When my plane touched ground in Havana, Cuba, my body reacted with ecstatic joy with three exciting things in mind … language immersion, cultural exposure, and improved salsa dancing skills.
On my first day on the island, I met a voluptuous woman named Luisa Cepero who begged me to bring her back to the U.S. To deflect her vehement pitch, I told her that I'd rather stay in Cuba and help support the revolution.
Luisa was crushed by my apparent naiveté as she, her two children, and so many others on the island were struggling through an economy that had not enough basic necessities to go around for everyone, and thanks to a stubborn U.S. trade embargo, everything is rationed hurting innocent men, women, and children much more than it is hurting the Cuban government.
My primary reason for approaching Luisa in the first place was to practice my Spanish and be immersed into the culture by interacting with her family, friends, and members of her community, and in turn, I would gladly help with food, entertainment, and other economic needs as my U.S. dollar went a long way on this island.
I also met Dee Fuentes whom I felt could help improve my salsa dancing skills. After dining in an Italian restaurant, she and I went dancing at El Palacio de la Salsa (The Salsa Palace) in Havana's famous Hotel Riviera. Dee was someone whom I would have been proud to bring home to mom and pop, which I seriously thought about doing at the time. She is highly intelligent and is made of sweet, dark chocolate.
When I came back to Oakland, I felt so culturally uplifted and refreshed that couldn't stop talking about my Cuban experience. My Spanish zoomed to such a level that I was able to pass a Spanish-speaking job interview with flying colors, and there was also a marked improvement in my salsa dancing skills.
As I continued babbling about my trip, I inadvertently came upon many Cuban immigrants in the U.S. who were very upset with me because they assumed that I was not only supporting a regime that is oppressing their loved ones back on the island, but also to engage in sexual tourism. Little did I know that this island was a haven for such activities as I had blinders on looking only to dive into the music and dancing while improving my Spanish.
Hell, if I wanted to pay for sex, I could have stayed in Oakland and saved myself airfare and lodging expenses. I later learned that the economy in Cuba is so bad that in order for many decent people, with good hearts, to make ends meet, they have to get a hustle going in addition to their regular jobs serving as guides, entertainers, venders, or as prostitutes for tourists. I even met engineers moonlighting as cab drivers.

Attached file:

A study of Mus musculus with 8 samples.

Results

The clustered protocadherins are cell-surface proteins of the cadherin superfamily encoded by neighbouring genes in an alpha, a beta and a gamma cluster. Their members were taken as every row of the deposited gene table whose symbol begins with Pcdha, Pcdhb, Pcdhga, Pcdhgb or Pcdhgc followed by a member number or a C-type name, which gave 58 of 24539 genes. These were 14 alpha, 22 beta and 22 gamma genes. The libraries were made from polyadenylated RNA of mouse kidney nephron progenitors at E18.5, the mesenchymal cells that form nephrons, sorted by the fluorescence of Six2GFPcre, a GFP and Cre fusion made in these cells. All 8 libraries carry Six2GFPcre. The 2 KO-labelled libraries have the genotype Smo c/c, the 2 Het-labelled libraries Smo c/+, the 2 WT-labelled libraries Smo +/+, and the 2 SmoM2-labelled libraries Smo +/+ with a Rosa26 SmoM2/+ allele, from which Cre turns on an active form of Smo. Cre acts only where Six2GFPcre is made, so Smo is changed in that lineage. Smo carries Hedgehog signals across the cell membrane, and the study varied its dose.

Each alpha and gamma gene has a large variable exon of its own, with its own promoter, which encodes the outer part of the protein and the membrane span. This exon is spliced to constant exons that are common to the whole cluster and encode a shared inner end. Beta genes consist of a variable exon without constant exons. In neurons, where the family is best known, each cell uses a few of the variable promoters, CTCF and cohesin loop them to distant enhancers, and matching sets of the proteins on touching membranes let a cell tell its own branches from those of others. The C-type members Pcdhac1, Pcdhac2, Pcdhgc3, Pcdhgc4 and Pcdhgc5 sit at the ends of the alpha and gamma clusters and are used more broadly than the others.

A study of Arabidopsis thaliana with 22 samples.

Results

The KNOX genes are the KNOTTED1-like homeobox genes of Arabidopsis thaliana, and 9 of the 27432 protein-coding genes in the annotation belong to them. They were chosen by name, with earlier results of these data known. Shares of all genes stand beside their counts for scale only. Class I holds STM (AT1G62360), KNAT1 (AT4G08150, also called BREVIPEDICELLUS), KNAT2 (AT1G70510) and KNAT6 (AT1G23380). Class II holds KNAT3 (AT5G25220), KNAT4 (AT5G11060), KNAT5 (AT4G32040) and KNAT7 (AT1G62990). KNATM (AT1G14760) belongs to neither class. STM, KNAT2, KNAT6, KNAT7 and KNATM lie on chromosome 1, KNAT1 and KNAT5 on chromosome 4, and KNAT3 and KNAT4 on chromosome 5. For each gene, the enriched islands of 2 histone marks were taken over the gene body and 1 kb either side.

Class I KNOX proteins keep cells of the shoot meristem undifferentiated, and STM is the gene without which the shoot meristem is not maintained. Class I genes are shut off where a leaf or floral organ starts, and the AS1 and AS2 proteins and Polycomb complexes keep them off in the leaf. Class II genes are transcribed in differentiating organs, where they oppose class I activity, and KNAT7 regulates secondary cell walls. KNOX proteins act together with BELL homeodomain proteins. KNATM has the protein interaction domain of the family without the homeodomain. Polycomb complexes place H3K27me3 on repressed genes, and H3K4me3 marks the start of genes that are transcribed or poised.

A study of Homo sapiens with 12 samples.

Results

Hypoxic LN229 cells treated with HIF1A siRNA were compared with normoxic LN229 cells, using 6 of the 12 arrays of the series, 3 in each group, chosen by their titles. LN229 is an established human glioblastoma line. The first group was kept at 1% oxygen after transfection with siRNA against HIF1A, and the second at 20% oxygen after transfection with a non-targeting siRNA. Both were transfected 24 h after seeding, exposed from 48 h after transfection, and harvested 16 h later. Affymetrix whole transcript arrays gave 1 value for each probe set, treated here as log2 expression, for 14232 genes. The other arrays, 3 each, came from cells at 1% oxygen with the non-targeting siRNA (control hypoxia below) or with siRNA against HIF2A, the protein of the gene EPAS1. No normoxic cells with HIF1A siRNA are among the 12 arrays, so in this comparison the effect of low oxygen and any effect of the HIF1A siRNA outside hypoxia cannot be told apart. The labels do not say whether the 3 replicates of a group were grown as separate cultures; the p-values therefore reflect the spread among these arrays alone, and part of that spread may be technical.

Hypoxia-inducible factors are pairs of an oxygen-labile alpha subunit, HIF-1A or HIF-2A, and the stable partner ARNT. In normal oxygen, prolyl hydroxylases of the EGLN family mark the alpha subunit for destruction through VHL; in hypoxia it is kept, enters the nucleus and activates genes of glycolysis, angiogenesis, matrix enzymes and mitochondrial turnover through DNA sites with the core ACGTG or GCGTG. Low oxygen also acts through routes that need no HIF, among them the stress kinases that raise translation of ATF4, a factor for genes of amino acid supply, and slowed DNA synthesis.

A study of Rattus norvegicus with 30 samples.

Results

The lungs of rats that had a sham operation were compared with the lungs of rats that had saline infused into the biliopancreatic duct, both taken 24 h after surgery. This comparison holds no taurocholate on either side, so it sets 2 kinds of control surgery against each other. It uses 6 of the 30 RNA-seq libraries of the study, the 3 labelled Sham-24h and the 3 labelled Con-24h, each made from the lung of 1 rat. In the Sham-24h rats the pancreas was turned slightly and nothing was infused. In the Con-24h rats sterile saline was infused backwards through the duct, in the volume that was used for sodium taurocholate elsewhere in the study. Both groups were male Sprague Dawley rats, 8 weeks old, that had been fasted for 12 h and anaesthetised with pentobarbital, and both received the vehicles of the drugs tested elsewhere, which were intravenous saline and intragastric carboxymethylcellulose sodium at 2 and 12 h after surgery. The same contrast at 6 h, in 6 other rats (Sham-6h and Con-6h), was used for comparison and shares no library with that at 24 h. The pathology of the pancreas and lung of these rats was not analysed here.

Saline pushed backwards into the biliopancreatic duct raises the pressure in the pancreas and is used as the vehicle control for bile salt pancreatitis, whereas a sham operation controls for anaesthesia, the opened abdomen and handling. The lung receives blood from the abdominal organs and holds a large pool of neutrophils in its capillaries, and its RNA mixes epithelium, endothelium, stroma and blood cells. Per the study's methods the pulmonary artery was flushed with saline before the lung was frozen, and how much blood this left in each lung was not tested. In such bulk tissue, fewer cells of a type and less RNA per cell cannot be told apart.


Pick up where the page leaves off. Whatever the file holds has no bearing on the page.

One evening, I was at a party where there were a large number of folks, like me, who were foreign students studying Spanish at the University of Havana. Feeling the music, I asked a young black Cuban woman to dance, and she quickly glanced over toward a male leaning against a wall on the other side of the room seeking his approval. He shook his head indicating no, not me.
That was her pimp and they were not there to "party!" They were seeking to hook a rich, white guy. To the woman and her pimp, I appeared “too Cuban,” i.e., not foreign and wealthy enough to meet their needs. In fact, almost every Cuban stranger I met took it for granted that I too was Cuban until my accent inevitably revealed otherwise.
Jesus Diaz, a popular Afro-Cuban musician in Oakland, asked me sarcastically upon my return if I had a "good time?" In other words, how was my experience with the women. Jesus was pleased and relieved when I explained my real motive for the trip, language and cultural immersion. Many of the resentful Cuban immigrants that I met have seen too many North Americans, Europeans, and Australians traveling to their homeland for none other than sexual pleasures.
Yes, I had a good time in Havana; a culturally, rewarding good time, but a naive one that was reflected in my communication with concerned Cuban-Americans.